What’s the best response to the Why Blogging/Twitter/Facebook is asinine: “Oh its just what you had for lunch” Frame? The argument occurs again and again and its not clear what the response should be, especially since I do sometimes tweet what I eat, as do Chris, Raven (he now has a dedicated Raven Eats feed) and others. When I talk to people for any length of time they’re going to find out I am a foodie- its one of the things that makes tick. People that know me well, business contacts or otherwise, know stuff like that. Its part of the conversation.
I was thinking about real communications, that is, conversational communication- the kind when your synapses start firing… when my synapses started firing. I might have even been watching Studio60 when it came to me. Real conversations don’t stay on topic. They can’t. “Lack of focus” doesn’t make conversations less compelling. On the contrary it makes them bearable: the human brain is quite capable of getting on with background task processing while doing something else. Boredom is one of the quickest routes to poor productivity. Repetition can be great if it engenders flow (the Tao). Boredom, not so much.
How many business meetings have you gone to, or called into, that were completely pointless, even though they were merciless “on topic”. Quite a few I should think. Business language also tends to be pretty sterile, and doesn’t favor narrative flow.
Will I really learn more from reading a white paper, or a newspaper article, than from talking to people about something? I don’t think so. The best learning experiences are personal.
Some of this feels like duh – its called the Cluetrain, dummy. But then I keep running into people that haven’t ever read the Manifesto.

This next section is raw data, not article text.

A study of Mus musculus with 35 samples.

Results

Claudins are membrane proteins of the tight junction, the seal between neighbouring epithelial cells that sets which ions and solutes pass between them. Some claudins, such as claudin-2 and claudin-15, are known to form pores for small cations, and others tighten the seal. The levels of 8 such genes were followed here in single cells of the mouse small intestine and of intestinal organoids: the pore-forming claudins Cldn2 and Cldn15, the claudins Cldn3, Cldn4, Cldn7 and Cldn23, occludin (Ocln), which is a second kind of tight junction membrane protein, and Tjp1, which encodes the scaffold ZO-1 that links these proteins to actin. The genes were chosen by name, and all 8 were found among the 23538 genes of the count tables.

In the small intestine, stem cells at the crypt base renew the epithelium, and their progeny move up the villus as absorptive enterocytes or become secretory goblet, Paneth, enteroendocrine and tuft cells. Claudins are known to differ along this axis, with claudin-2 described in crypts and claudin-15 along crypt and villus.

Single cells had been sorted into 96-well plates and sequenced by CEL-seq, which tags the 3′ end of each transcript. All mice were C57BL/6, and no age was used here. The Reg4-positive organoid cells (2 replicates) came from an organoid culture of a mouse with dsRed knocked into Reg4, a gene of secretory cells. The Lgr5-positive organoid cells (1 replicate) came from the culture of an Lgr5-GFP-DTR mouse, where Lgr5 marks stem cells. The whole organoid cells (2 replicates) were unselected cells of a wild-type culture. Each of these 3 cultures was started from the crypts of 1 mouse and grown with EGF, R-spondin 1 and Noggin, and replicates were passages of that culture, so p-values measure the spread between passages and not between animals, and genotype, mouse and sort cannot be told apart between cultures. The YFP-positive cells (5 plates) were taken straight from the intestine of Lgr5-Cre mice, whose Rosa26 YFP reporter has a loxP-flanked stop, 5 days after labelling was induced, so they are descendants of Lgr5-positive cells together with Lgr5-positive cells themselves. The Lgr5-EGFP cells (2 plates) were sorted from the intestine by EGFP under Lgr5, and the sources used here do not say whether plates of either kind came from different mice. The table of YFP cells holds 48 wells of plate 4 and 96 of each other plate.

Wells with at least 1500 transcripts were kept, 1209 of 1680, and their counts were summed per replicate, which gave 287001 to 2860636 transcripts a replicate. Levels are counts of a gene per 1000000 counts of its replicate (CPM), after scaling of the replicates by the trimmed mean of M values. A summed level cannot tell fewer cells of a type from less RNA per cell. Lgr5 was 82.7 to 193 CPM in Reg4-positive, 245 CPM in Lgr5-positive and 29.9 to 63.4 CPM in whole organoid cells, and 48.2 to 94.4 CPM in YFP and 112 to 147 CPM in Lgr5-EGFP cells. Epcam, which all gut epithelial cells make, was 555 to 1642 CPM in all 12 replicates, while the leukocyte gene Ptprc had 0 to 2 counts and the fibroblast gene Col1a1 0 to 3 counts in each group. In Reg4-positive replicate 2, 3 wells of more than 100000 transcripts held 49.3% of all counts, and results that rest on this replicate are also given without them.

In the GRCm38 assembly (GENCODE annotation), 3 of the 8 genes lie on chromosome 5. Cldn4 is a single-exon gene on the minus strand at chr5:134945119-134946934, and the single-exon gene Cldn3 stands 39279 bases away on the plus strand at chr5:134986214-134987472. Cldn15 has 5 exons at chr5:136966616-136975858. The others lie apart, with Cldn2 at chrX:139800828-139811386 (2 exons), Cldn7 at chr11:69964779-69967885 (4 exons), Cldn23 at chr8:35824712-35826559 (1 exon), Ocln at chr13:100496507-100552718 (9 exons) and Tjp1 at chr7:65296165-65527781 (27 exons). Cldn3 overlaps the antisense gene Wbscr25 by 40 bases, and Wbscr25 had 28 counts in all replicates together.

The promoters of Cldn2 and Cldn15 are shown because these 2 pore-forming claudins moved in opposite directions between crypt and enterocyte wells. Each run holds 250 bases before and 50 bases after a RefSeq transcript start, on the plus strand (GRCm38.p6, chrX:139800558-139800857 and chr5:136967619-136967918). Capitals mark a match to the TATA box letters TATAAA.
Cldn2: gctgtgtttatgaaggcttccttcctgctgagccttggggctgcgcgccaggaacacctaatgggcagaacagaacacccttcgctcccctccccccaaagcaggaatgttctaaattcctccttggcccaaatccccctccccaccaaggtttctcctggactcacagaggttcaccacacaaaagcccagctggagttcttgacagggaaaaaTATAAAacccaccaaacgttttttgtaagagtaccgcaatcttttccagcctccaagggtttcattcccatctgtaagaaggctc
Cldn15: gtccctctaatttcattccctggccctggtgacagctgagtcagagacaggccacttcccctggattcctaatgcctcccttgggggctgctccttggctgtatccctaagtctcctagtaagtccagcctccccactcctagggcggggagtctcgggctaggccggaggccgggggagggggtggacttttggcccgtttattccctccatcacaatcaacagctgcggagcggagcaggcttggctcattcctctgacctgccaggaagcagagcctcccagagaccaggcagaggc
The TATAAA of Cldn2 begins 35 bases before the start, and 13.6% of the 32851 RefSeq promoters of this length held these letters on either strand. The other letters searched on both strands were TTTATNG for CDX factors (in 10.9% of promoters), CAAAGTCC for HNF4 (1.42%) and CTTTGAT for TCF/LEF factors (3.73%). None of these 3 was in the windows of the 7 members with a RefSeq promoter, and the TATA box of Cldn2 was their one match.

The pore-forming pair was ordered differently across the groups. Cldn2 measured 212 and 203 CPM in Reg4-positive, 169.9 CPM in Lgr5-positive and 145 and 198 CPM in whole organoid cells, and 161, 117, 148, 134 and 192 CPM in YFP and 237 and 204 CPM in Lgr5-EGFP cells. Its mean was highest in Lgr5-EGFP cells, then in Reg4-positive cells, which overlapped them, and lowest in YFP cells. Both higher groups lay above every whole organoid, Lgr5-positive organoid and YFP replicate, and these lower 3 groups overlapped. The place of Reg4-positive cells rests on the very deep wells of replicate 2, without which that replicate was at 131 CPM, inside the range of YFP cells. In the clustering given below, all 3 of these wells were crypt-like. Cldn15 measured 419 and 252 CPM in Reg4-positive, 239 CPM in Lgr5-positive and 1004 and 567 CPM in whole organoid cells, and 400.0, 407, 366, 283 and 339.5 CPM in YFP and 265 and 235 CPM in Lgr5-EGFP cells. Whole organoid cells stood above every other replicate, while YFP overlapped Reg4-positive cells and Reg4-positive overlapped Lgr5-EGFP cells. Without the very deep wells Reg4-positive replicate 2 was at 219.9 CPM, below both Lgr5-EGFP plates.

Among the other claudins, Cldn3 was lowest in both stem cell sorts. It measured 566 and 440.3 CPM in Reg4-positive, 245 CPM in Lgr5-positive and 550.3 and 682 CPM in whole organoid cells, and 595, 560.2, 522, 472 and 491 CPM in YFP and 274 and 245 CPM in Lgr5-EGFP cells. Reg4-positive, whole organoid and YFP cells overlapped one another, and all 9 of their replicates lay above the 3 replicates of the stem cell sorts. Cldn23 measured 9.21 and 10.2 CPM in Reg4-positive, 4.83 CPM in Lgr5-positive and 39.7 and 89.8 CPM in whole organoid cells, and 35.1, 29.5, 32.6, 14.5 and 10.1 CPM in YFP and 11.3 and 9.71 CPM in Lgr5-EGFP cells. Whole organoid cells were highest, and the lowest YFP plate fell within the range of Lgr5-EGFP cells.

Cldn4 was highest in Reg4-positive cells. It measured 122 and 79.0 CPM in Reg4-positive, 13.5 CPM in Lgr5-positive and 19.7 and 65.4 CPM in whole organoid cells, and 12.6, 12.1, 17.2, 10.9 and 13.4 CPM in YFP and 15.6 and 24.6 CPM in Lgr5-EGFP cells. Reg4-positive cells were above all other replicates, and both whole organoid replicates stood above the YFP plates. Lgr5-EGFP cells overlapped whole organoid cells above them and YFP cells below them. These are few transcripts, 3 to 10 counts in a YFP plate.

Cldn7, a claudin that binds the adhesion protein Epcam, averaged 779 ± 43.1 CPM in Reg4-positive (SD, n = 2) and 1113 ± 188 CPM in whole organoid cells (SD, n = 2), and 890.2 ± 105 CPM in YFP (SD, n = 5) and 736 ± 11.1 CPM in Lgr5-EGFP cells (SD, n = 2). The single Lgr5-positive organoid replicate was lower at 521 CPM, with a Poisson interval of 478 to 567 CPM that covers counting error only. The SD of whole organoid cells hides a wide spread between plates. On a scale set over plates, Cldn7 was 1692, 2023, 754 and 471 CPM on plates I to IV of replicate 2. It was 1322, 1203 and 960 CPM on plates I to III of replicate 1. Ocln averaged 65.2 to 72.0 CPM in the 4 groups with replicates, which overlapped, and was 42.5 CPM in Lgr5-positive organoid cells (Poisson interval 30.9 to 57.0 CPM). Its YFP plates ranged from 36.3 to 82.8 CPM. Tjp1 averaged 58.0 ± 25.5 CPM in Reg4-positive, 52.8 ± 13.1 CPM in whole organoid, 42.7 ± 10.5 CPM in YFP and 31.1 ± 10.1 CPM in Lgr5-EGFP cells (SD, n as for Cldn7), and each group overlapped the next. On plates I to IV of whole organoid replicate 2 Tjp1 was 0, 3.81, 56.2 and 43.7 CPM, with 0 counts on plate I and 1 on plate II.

The Cluetrain Manifesto should definitely be on all journalism classes.
The Cluetrain Manifesto should also be a core aspect of any Tech Marketing course.
After posting some related thoughts Friday it was great to come in this morning and read James McGovern’s When was the last time you had a meaningful conversation? He riffs off a blog I wrote a while ago If Markets Are Conversations Then Twitter is Money.
“It is sad, as I have been so heads down on my current activities that I truly haven’t had a meaningful face-to-face conversation in the last several weeks. Now is the time that many folks in large enterprises are preparing for their 2008 budget and get consumed by tweaking numbers, creating over-hyped sales pitches, flooding each other with emails and otherwise forgetting about the human on the other end.
There are lots of benefits to face-to-face conversations. While they take longer and most certain put pressure on the elusive work-life balance, it does help reduce the headache of managing your email inbox, especially if your shop institutes mailbox size quotas. Now I know why I am always in mail jail…” [Italics mine]
That’s the basic point I am trying to make. A business focused conversation is not more meaningful than a “normal” conversation, which is a shame because the market for something to believe in is infinite. The most successful businesses increasingly have conversations with all kinds of stakeholders. Social media can accelerate those conversations.
Let me just finish with one of the reasons I like Twitter so much- you might call it Twitter as social glue. We are all busy people at RedMonk (all three of us) and we live in different time zones. We’re always traveling and we don’t get much time to catch up face to face (almost never happens). But I don’t only want to know What Stephen and Cote Are Working On. Rather I want to know How They Are Doing. Good managers take a view of their people that goes far beyond the tasks they assign. Twitter helps to keep us all in the loop.
update: talking of meaningful conversations the Aloof Architect has some really interesting thoughts on enterprise architecture, pedagogy, and social media, riffing off McGovern.
Do we find ourselves using ‘skip-level’ influence to overcome obstacles to adoption? If so, are there communication mediums we could be using to reach deeper into organizations, touching a wider range of alpha geeks/influencers? Would our effectiveness as leaders improve if we were capitalizing on those mediums?
further updates- I made a very dangerous assumption on this post, which I would like to correct. The assumption – that everyone knows Hugh MacLeod, he of GapingVoid fame. Hugh is a friend of mine, and draws cartoons on the back of business cards (see above). He may well be the best wine marketer in the world. He is certainly the most innovative. These days he into Facebook and Twitter. Blogging- not so much.